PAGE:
Passover kosher foods are those that are allowed as per the Jewish religion. Explore to know the different kosher rules for Pesach.
Kosher Foods For Passover
Kosher foods are those that are accepted by the laws of the Jewish religion and are consumed during the Passover week. These rules form the central theme of the kashrut, a set of the Jewish dietary laws. The word kosher means "proper" or "pure", which has been derived from the Hebrew letters "kaf", "shin" and "reish". The term kosher can be used to describe any person, thing or situation appearing to be proper or correct. As per the kosher laws, food should be slaughtered, prepared and eaten in a way that is directed in the kashrut. Food can turn non-kosher, if the ingredients are derived from non-kosher animals or from kosher animals that are not properly slaughtered. Wine or grape juice produced without supervision or the use of produce from Israel that has not been tithed is also considered non-kosher and prohibited. Given here are some kosher rules for preparing food on the occasion of Pesach.
Passover Kosher Foods
- Animals with split hooves or those that chew their cud are allowed on Passover. These include cow, sheep, goat, deer, lamb, addax, antelope, bison, venison, gazelle, giraffe and ibex. Furthermore, milk from these animals is considered kosher.
- Domesticated birds, such as geese, chickens, turkeys and ducks are kosher food that can be consumed on Passover. Also, their eggs are kosher.
- Kosher animals should be slaughtered as per the kosher ritual called “shohet”, wherein the animal dies instantly.
- Kosher animals being slaughtered and processed should be inspected by a rabbi.
- The internal organs must be inspected to check out blemishes that can otherwise determine the animal to be non-kosher.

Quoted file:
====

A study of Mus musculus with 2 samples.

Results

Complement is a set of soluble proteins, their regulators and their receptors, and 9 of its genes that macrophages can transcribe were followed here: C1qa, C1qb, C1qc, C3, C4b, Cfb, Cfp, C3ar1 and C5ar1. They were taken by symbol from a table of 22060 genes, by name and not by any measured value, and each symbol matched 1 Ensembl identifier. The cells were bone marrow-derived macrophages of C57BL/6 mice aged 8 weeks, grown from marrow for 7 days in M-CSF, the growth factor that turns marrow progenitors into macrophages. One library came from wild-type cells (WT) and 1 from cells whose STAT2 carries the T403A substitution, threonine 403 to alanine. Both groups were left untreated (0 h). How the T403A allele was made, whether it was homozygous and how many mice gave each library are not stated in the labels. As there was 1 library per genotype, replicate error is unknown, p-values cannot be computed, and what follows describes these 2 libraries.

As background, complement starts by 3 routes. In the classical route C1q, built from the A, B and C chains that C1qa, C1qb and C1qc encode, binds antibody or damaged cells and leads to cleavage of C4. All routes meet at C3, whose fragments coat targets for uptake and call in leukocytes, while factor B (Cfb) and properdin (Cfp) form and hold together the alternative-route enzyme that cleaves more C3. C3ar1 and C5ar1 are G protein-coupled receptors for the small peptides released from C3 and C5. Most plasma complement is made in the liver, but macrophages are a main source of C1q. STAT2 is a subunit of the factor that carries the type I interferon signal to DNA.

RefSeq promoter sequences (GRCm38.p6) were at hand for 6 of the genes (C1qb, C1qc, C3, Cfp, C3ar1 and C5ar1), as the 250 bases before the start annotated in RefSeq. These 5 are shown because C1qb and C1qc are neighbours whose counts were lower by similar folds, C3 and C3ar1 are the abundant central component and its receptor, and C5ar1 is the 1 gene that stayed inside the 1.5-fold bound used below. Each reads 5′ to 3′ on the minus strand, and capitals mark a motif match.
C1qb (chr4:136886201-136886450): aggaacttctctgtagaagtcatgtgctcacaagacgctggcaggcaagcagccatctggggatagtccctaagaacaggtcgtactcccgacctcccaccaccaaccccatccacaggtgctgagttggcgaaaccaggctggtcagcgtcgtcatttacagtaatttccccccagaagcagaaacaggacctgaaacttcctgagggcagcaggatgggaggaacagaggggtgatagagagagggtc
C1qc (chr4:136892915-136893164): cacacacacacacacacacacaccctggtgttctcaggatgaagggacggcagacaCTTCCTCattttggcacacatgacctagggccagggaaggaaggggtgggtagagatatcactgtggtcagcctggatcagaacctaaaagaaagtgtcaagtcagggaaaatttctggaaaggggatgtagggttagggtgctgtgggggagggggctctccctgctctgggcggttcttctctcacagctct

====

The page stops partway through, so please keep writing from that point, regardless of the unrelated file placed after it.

- Meat and dairy products should not be eaten together even if they are kosher.
- It strictly forbids "seething" a young goat "in its mother's milk”, which simply means avoid preparing and cooking kosher foods like meat and dairy together. It also forbids consuming any derivation from such a mixture.
- Always use separate storage containers, cooking and serving utensils, cutting and preparation boards and pots for cooking meat and dairy products in order to keep the food kosher.
- Fish that have fins and scales are deemed to be kosher. Shellfish is, however, prohibited.
- Fish, too, cannot be eaten directly with meat.
- Though all fruits and vegetables are termed to be kosher, they should be checked for bugs and insects.
- Foods containing a leavened agent must not be consumed during Passover, such as wheat, oats, barley, rye, spelt, breads, crackers and cakes.
- Wine and grape juice cannot be consumed during Passover. Only kosher wine and juices are allowed.
- Some birds are not kosher like the eagle, owl, swan, pelican, vulture, and stork.
- All 'flying creeping things' like insects and other creatures are considered impure including the locusts, grasshopper, acrida, beetle, cricket, etc.
- Certain rodents and 'creeping thing which creeps upon the earth' are also unclean like salamander, jerboa, gecko, shrew, weasel, ferret, stoat, mouse, lizard, crocodiles, chameleon, monitor lizard, mole rat and other worms.
- A kosher food that is processed or cooked together with a non-kosher food or any derivative of a non-kosher food becomes non-kosher.
- One of the main biblical kosher food laws forbids ingesting blood on account of "the life in the blood”. For this, to be observed all meat should be processed by the technique of melihah.
- The status of cheese is complicated, as cheese is made from rennet an enzyme. So cheese made from rennet derived from kosher animal is kosher. And if a kosher animal is not slaughtered according to the halakha, the rennet is also not kosher.
- Gelatin is largely considered as non-kosher and is substituted with food starch from tapioca, chemically modified pectins, and vegetable gums like guar gum, locust bean gum, xanthan gum, gum acacia, agar, etc.
- Many strict rabbis believe that all food items and even the raw materials be prepared or handled by Jews strictly.
- There is also a prohibition on drinking or using water for cooking if the water has been left overnight and uncovered in an area where there might be serpents as it may be poisoned.
- Kosher salt is used for preparing dishes. It has a much bigger grain size and is free from any additives such as iodine.